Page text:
Objective: Highly active antiretroviral therapy (HAART) has been associated with lipodystrophy (LD) in adults but data are more limited for children. The purpose of this study was to determine the prevalence of and risk factors for LD in Tanzanian children receiving HAART by clinical assessment and to compare the results with anthropometric data.
Design and Methods: A cross-sectional study was performed in a cohort of HIV-infected children aged 1–18 years receiving HAART in a single center in Moshi, Tanzania. Age, gender, past and current medication regimens and anthropometric measurements were recorded. A clinical scoring method was used to assess LD. Backward binary multivariate logistic regression was used to determine relationships between anthropometric measurements and the presence of clinical LD.
Results: Among 210 HIV-infected children, the prevalence of LD was 30% (95% confidence interval [CI]: 23.8–36.2) overall, 19% (95% CI: 13.7–24.3) for lipoatrophy only, 3.8% (95% CI: 1.2–6.4) for lipohypertrophy only and 7.1% (95% CI: 3.6–10.6) for the mixed type. Most cases were mild. Older age and use of stavudine increased the risk of LD. Overall, the study population was stunted but not underweight. In children with relatively lower weight-for-height (<1), only the mid-upper arm circumference was found to be associated with lipoatrophy, while nearly all anthropometric measurements were associated with lipoatrophy in the well-nourished (weight-for-height ≥1) children.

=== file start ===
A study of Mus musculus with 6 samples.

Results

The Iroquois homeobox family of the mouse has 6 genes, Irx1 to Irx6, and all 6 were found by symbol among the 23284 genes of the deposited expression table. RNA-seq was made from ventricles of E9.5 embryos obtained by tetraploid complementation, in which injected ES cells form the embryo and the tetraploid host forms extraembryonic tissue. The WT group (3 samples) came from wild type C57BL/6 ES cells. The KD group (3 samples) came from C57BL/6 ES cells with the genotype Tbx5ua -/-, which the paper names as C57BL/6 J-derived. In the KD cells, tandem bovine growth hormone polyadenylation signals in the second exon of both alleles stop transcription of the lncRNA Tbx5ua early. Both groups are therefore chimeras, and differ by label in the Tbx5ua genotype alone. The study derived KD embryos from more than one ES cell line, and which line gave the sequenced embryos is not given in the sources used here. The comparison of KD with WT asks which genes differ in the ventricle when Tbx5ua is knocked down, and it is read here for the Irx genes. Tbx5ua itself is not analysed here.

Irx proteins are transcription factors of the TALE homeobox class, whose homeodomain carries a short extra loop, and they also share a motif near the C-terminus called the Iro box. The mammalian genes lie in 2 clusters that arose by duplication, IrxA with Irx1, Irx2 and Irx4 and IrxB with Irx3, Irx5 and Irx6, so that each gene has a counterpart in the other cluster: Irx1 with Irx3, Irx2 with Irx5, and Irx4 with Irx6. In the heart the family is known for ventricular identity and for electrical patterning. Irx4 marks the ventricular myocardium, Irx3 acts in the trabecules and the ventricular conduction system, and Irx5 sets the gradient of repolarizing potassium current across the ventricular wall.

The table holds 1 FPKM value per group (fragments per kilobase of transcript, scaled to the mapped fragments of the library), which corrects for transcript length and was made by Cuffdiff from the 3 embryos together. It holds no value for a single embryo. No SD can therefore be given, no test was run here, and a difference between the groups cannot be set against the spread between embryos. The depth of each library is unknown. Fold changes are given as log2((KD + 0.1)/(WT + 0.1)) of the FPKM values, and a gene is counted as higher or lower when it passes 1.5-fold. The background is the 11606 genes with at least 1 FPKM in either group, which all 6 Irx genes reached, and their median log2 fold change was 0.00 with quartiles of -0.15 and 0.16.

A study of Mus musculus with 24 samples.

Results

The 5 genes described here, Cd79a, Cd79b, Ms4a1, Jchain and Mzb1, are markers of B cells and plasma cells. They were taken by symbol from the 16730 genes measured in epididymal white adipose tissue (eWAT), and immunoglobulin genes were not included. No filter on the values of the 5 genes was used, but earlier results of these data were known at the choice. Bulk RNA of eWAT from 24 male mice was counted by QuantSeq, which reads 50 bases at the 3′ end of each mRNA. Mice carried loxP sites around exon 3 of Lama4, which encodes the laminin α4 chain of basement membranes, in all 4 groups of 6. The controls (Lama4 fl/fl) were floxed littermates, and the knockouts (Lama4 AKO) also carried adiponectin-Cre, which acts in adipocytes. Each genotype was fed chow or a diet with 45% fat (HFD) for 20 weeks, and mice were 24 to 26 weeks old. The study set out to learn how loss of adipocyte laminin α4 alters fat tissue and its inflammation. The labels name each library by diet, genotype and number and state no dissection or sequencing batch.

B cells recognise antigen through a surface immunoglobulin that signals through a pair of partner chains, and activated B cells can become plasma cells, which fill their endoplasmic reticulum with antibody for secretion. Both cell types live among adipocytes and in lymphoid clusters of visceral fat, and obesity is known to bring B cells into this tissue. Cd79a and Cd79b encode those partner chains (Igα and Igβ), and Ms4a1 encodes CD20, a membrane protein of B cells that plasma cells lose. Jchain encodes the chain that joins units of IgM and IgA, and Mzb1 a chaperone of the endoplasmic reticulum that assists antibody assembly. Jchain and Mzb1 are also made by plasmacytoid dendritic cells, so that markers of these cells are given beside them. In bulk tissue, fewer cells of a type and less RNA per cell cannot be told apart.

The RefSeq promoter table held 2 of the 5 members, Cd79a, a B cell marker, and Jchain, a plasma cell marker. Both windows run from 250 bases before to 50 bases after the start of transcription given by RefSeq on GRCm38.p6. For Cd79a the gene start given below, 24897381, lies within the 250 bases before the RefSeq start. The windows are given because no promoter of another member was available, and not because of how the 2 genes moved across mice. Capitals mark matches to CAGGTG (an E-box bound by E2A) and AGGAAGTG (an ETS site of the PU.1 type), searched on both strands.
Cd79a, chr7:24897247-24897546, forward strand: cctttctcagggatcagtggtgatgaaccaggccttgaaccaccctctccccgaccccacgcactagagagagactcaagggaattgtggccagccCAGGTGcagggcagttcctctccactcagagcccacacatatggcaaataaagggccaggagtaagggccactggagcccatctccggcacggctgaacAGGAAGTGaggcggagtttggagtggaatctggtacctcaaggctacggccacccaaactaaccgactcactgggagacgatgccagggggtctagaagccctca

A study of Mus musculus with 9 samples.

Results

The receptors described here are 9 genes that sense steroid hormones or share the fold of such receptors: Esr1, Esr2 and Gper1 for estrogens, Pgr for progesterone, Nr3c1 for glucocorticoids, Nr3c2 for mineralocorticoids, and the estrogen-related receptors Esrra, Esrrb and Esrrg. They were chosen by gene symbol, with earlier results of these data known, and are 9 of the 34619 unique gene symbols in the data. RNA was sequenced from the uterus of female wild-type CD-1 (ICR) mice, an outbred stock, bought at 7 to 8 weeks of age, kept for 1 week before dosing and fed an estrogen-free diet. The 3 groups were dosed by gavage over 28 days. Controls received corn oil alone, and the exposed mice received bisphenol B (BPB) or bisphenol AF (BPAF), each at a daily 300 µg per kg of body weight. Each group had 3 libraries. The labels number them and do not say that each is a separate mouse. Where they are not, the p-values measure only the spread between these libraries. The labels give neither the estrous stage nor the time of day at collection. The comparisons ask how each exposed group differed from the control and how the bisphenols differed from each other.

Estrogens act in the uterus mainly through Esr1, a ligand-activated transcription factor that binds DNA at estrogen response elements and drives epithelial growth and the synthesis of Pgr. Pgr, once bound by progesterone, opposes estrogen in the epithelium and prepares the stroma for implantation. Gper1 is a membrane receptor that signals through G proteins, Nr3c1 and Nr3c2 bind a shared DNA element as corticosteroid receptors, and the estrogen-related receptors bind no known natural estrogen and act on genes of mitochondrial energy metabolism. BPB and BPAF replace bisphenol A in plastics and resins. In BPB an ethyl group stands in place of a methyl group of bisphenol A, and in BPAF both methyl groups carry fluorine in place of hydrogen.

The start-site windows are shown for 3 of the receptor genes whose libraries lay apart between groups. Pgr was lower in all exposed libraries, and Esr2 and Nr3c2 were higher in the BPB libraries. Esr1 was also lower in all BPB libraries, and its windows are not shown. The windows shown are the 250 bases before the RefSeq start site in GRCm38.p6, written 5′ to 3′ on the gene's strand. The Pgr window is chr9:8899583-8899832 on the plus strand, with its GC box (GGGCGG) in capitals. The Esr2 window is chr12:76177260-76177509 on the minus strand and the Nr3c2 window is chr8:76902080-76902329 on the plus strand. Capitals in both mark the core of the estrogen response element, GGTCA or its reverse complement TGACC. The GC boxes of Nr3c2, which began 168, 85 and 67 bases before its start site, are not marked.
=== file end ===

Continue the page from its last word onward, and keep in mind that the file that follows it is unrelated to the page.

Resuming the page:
Conclusions: Our findings demonstrate that LD is a significant problem among Tanzanian HIV-infected children receiving HAART. Anthropometric measurements predicted LD in well-nourished children but generally failed to do so in relatively wasted children. Our findings support current efforts to avoid stavudine use in children.
From the *Department of Pediatrics, Kilimanjaro Christian Medical Centre, and Kilimanjaro Christian Medical College, Tumaini University, Moshi, Tanzania; Departments of †Pediatrics; ‡International Health; and §Nijmegen Institute for Infection, Inflammation and Immunity, Radboud University Nijmegen Medical Center, Nijmegen, the Netherlands.
Accepted for publication August 20, 2012.
This research was funded by The Netherlands Organisation for Scientific Research—Science for Global Development NWO-WOTRO: Poverty Related Infection Oriented Research (PRIOR) program. The authors have no other funding or conflicts of interest to disclose.
Address for correspondence: Adilia Warris MD, PhD, Department of Pediatrics, 804; Radboud University Nijmegen Medical Center; P.O. Box 9101; 6500 HB Nijmegen, the Netherlands. E-mail: firstname.lastname@example.org.